Female impersonation need say nothing about sexual identity, but it has for a long time been almost an institutionalized aspect of gay male culture.
Although sparse in images documenting the gay community, pre-Stonewall gay male photography blurs the boundaries between art, erotica, and social history.
Given the historic stigma around making, circulating, and possessing overtly homoerotic images, the visual arts have been especially important for providing a socially sanctioned arena for depicting the naked male body and suggesting homoerotic desire.
Independent films that aggressively assert homosexual identity and queer culture, the New Queer Cinema can be seen as the culmination of several developments in American cinema.
Renowned photographer, teacher, critic, editor, and curator, Minor White created some of the most interesting photographs of male nudes of the second half of the twentieth century, but did not exhibit them for fear of scandal.
The first international fashion superstar, Halston dressed and befriended some of America's most glamorous women.
An artistic movement that grew out of Dadaism and flourished in Europe shortly after World War I, Surrealism embraced the idea that art was an expression of the subconscious.
Film, stage, and television actor Paul Winfield was openly gay in his private life, but maintained public silence about his homosexuality.
In an appearance on ABC News' This Week's Web Extra on January 27, 2013, Facebook co-founder and publisher of The New Republic Chris Hughes answered questions from viewers and said Governor Christie's veto of same-sex marriage matters. The answer came in response to a question about Mark Zuckerberg's hosting of a fundraiser for New Jersey Governor Chris Christie. Hughes said of Christie's veto, "There are tens of thousands of couples in New Jersey that can't share their love and be recognized under the law because of that decision."
The question came because Governor Christie has been riding a wave of popularity as a result of his response to Hurricane Sandy. He is widely expected to win re-election as governor and then to seek the Republican nomination for President, where his prospects appear somewhat dimmer.
Although Facebook founder and CEO Mark Zuckerberg's decision to host a fundraiser for Christie is apparently an endorsement of the Governor, Hughes said he would have difficulty supporting someone who is opposed to marriage equality.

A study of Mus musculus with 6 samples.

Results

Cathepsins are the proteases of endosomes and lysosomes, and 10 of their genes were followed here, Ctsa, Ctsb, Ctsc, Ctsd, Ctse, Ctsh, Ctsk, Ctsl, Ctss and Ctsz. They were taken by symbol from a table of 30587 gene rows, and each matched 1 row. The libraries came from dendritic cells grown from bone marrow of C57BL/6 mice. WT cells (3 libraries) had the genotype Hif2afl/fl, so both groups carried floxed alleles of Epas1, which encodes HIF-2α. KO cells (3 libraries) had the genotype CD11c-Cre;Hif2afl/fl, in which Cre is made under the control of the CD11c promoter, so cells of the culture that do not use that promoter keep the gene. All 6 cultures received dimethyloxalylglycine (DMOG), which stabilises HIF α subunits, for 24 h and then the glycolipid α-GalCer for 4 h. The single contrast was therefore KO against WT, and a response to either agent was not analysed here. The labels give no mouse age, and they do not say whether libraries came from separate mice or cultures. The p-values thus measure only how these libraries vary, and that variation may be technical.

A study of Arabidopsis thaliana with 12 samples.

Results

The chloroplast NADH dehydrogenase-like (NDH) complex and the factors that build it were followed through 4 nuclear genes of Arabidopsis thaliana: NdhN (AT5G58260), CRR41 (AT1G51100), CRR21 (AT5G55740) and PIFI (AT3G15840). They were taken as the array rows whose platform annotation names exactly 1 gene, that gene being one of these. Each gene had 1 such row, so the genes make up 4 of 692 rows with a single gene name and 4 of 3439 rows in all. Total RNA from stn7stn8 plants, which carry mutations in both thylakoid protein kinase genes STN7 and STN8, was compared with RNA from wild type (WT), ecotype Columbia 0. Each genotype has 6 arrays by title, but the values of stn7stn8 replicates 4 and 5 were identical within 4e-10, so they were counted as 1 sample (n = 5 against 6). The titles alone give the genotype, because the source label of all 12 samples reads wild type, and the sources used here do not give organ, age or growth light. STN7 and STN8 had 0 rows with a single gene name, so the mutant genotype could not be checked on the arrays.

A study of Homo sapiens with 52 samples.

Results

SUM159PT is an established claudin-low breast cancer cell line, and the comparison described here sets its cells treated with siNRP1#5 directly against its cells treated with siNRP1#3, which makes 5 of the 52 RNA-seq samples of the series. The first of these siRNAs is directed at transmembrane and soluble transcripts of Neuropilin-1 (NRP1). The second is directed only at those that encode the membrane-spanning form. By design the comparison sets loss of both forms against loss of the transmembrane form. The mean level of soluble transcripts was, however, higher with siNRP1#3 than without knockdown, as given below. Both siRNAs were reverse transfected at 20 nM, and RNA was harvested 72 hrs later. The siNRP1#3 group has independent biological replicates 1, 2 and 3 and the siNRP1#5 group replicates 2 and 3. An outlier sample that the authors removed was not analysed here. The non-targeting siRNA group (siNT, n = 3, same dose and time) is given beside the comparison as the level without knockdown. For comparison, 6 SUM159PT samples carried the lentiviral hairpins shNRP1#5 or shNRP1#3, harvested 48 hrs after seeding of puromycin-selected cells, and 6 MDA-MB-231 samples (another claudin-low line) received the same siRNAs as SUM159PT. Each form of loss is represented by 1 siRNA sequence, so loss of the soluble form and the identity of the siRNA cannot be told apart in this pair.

On February 17, 2012, Christie vetoed New Jersey's marriage equality bill one day after it had been passed by the Democratic-controlled legislature. In his veto message, Christie called for a referendum "on whether to change the definition of marriage in New Jersey."
Hughes has been a creative force in two enormously successful on-line ventures, the social networking site Facebook and the web site My.BarackObama.com, which was key to the President's victory in 2008. In each case, his focus was on the power of community and on facilitating communication among members of groups.
Hughes and his husband Sean Eldridge were married on June 30, 2012 at their home in Garrison, New York. They have lent their voices and resources to the cause of glbtq rights, particularly marriage equality.
In March 2012, Hughes announced that he had acquired a majority stake in The New Republic and would become the liberal journal's publisher and editor-in-chief.
He said at the time that his motive in purchasing the journal was his interest in "the future of high-quality long-form journalism" and by an instinct that such journalism was a natural fit for tablet computers like the iPad. He said he would "expand the amount of rigorous reporting and solid analysis" that the magazine produces and that, while he does not intend to end the printed publication, he expects that "five to 10 years from now, if not sooner, the vast majority of The New Republic readers are likely to be reading it on a tablet."
In addition to the question regarding Zuckerberg's fundraiser for Christie, readers also asked about Hughes's contributions to Facebook, his plans for The New Republic, and his recent interview with President Obama.